Stop Pretending That Patients’ Wellbeing Isn’t Already Compromised — Dr Leonard Goh

Perhaps the health minister and health DG can follow a medical officer for the entire duration of one call to experience the true extent of the issues.

I refer to the Malay Mail article published on February 15, 2023 titled “Don’t compromise patients’ wellbeing if you decide to go on strike, Health DG tells hospital staff”.

Well, it’s high time the health director-general, along with all those in positions of power, wake up and listen to hospital and clinic staff when they say patients’ wellbeing and care are already compromised.

Across the country, we have heard many horror stories that are just coming to light — emergency departments closing their doors; long, snaking queues in clinics with no place to sit for patients; lifts breaking down with an intubated patient inside; patients dying in the emergency department while still waiting for beds in the ward; and many more.

What the patients do not know is that this is just the tip of the iceberg. Medical officers at rural facilities are forced to create makeshift MacGyver-style solutions from rudimentary equipment to keep their patients’ blood pressures up.

Certain medications are withheld from patients, simply because there is a strict quota for who receives it. Inpatients are occasionally discharged earlier than indicated to make way for incoming ones.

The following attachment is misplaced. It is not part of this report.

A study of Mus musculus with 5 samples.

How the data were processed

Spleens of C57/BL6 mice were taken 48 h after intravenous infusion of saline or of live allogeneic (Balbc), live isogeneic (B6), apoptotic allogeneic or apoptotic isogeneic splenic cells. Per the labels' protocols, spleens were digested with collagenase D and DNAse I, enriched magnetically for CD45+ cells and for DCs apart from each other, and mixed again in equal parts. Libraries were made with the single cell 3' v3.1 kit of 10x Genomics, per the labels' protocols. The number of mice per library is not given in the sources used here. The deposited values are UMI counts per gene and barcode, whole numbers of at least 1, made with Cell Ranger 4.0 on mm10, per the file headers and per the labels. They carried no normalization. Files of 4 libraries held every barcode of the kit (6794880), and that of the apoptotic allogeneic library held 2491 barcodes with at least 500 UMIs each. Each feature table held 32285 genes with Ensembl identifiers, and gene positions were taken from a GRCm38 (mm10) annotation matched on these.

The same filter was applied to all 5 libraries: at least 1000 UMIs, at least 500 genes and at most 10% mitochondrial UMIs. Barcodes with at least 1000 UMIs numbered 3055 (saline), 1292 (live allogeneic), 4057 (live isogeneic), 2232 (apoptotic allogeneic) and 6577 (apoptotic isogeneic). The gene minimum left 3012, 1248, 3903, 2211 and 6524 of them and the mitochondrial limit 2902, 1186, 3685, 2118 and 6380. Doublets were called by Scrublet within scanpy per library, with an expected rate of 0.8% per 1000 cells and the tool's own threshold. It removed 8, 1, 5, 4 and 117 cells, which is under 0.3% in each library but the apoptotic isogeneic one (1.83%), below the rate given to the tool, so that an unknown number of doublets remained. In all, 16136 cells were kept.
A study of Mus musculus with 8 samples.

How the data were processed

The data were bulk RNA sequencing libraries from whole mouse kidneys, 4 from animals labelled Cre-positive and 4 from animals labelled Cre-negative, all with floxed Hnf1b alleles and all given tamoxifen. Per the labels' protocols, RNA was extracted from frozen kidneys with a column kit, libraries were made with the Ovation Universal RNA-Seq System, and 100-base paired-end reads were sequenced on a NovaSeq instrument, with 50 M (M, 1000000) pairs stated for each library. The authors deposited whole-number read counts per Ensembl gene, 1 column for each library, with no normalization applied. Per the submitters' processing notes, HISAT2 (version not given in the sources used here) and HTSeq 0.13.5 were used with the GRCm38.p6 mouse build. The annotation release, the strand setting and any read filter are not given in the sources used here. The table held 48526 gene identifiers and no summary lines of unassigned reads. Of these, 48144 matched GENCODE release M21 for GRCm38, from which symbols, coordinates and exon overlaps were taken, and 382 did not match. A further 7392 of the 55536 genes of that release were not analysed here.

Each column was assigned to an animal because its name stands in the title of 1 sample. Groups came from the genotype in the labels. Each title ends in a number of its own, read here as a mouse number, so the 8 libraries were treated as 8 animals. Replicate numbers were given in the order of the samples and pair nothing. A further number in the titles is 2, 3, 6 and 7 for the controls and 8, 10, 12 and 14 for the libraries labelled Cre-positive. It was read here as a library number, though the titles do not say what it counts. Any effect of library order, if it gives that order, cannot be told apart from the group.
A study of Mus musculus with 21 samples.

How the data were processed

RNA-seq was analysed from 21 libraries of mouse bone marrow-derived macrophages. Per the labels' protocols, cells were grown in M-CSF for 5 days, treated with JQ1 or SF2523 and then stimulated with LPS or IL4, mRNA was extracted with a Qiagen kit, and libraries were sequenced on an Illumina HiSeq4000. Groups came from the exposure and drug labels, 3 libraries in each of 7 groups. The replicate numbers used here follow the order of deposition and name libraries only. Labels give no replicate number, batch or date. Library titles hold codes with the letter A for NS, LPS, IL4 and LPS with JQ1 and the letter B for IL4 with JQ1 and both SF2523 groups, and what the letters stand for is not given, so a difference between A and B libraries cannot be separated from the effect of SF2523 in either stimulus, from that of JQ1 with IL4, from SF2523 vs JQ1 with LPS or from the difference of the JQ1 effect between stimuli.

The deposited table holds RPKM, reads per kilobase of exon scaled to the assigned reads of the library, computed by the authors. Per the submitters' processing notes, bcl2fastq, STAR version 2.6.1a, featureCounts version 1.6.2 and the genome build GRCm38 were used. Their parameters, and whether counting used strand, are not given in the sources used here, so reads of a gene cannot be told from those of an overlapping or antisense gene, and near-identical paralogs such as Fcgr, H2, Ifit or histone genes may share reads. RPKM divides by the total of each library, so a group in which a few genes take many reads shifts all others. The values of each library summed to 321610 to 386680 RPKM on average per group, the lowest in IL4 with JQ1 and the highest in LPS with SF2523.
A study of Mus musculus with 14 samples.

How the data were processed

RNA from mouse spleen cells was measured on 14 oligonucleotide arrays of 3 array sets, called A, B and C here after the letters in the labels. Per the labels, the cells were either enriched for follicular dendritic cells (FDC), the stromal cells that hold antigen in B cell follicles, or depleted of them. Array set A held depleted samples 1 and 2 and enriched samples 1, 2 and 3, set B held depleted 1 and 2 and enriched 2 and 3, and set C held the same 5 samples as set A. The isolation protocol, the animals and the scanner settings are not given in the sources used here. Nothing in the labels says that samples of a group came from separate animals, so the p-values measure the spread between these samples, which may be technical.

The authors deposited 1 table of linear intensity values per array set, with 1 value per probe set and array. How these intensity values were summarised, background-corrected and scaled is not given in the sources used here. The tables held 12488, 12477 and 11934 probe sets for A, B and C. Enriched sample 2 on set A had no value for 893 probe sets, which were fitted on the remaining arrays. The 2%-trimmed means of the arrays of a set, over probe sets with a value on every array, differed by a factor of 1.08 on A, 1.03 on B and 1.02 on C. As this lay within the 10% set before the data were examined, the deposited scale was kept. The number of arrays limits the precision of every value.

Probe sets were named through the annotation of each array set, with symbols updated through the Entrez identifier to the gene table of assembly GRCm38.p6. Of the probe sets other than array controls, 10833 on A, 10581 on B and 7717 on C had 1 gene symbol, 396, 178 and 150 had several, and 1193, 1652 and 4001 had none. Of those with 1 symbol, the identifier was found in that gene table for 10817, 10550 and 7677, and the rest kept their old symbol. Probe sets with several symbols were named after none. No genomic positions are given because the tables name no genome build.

Patients die en route to receiving the medical care they need, just because “en route” means a half-day drive to the nearest centre with the appropriate service and equipment.

Doesn’t this sound like our patients’ wellbeing is already compromised?

Our health care professionals are all trying their very best to ensure service runs smoothly with limited disruptions. Ironically, the tenacity and ingenuity of our on-the-ground personnel has given those at the upper echelon an excuse to brush aside the dire need to address structural problems.

Instead of asking our doctors to be mature and stand down, perhaps the health minister and health director-general (being medical doctors themselves) can do better by shadowing a medical officer for the entire duration of one call to experience the true extent of the issues.

They can then report back to Parliament and the Cabinet to impress upon the rest of the lawmakers and administrators how truly messed up our health care system is.

If things still remain status quo after that, we will all know for sure who the real culprits responsible for compromising patient safety and wellbeing are.

  • This is the personal opinion of the writer or publication and does not necessarily represent the views of CodeBlue.